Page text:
May 3, 1934|
Rocky Mount, North Carolina
|Died: January 27, 2013
|May 14, 1961 for the Washington Senators|
Last MLB appearance
|September 28, 1971 for the Cleveland Indians|
|Runs batted in||443|
Career highlights and awards
Charles Edward (Chuck) Hinton, Jr. (May 3, 1934 – January 27, 2013) was an American professional baseball player. An outfielder, Hinton played in Major League Baseball for the Washington Senators (1961–64), Cleveland Indians (1965–67, 1969–71) and California Angels (1968). He batted and threw right-handed.
In 1956, Hinton attended a baseball tryout camp, where he signed a contract with the Baltimore Orioles. He won two minor-league batting championships in the Orioles system, playing with the Aberdeen Pheasants of the Class C Northern League in 1959 and the Stockton Ports of the Class C California League in 1960. The Orioles promoted Hinton to the Vancouver Mounties of the Class AAA Pacific Coast League during the 1960 season. Afraid they might lose Hinton in the 1960 Major League Baseball (MLB) expansion draft, the Orioles had Hinton fake a shoulder injury during winter league baseball. Despite this, the Washington Senators selected Hinton in the expansion draft.
The Senators optioned Hinton to the Indianapolis Indians of the Class AAA American Association before the regular season began. They promoted Hinton from the minor leagues on May 14, 1961, and he made his MLB debut the next day. He finished the 1961 season with a .260 batting average. In 1962, he had a .310 batting average, good for fourth in the American League, and finished second in stolen bases to Luis Aparicio. Hit in the head with a pitch on September 5, 1963, Hinton was unconscious when he was carried off the field. He returned to the lineup eight days later, but felt limited by symptoms of the concussion. Hinton was named to represent the American League in the 1964 MLB All-Star Game.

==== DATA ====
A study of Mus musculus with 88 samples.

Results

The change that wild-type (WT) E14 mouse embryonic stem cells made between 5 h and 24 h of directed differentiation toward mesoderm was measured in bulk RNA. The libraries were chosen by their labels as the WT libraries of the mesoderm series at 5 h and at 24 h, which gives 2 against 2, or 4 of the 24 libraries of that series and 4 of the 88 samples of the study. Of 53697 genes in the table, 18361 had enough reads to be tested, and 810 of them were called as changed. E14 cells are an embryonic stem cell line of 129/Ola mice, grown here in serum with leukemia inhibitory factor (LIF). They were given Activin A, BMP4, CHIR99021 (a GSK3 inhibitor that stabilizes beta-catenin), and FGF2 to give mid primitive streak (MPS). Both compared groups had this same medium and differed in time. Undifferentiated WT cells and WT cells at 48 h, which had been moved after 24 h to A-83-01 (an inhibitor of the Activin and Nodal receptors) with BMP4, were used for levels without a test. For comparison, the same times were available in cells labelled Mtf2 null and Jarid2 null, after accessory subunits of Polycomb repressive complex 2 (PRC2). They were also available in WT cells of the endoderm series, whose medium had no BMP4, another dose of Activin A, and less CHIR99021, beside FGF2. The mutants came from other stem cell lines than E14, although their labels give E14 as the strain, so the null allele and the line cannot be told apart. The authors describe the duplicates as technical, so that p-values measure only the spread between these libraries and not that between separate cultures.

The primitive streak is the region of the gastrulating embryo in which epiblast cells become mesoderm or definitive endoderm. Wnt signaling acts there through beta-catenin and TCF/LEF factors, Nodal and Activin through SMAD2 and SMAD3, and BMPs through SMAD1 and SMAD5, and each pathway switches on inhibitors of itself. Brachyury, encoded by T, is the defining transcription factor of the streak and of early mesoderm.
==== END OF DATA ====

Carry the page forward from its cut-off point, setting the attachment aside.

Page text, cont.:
After the 1964 season, the Senators traded Hinton to the Cleveland Indians for Bob Chance and Woodie Held. The Indians traded Hinton to the California Angels for Jose Cardenal after the 1967 season. Hinton batted .195 in the 1968 season with the Angels. Just before the 1969 season, the Angels traded Hinton back to the Indians for Lou Johnson. The Indians released Hinton after the 1969 season. In all, Hinton played six years with the Indians. His tenure in Cleveland is highlighted in the book "Portrait of a Franchise: An Intimate Look at Cleveland Indians Baseball During the Rockin' Sixties" by Doug Kurkul.
In 1982, he founded the Major League Baseball Players Alumni Association (MLBPAA), a non-profit organization which promotes the game of baseball, raises money for charities, inspires and educates youth through positive sport images and protects the dignity of the game through former players.
- 1964 American League All-Star
- Two hitting-streaks in 1962 (17 and 15 games)
- Fourth in the 1962 American League batting title (.310), behind Pete Runnels (.326), Mickey Mantle (.321) and Floyd Robinson (.312)
- Three times led the Washington Senators in batting average (1962–64), four times in triples and stolen bases (1961–64), and was the last Senator to hit .300
- His uniform number 32 is honored in the Washington Wall of Stars
- Schudel, Chuck (30 January 2013). "Chuck Hinton, last Washington Senator to hit .300, dies at 78". The Washington Post. Retrieved 1 February 2013.
- "Washington Senators Recall Chuck Hinton". The Hartford Courant. May 14, 1961.
- Elliot, Jim (June 30, 1964). "Hinton Birds' All-Star Choice Over Killebrew, Ballots Show". The Sun.
- "SENATORS, INDIANS IN 3-PLAYER TRADE; Hinton Goes to Cleveland -- Phils Sell Vic Power". The New York Times. December 1, 1964.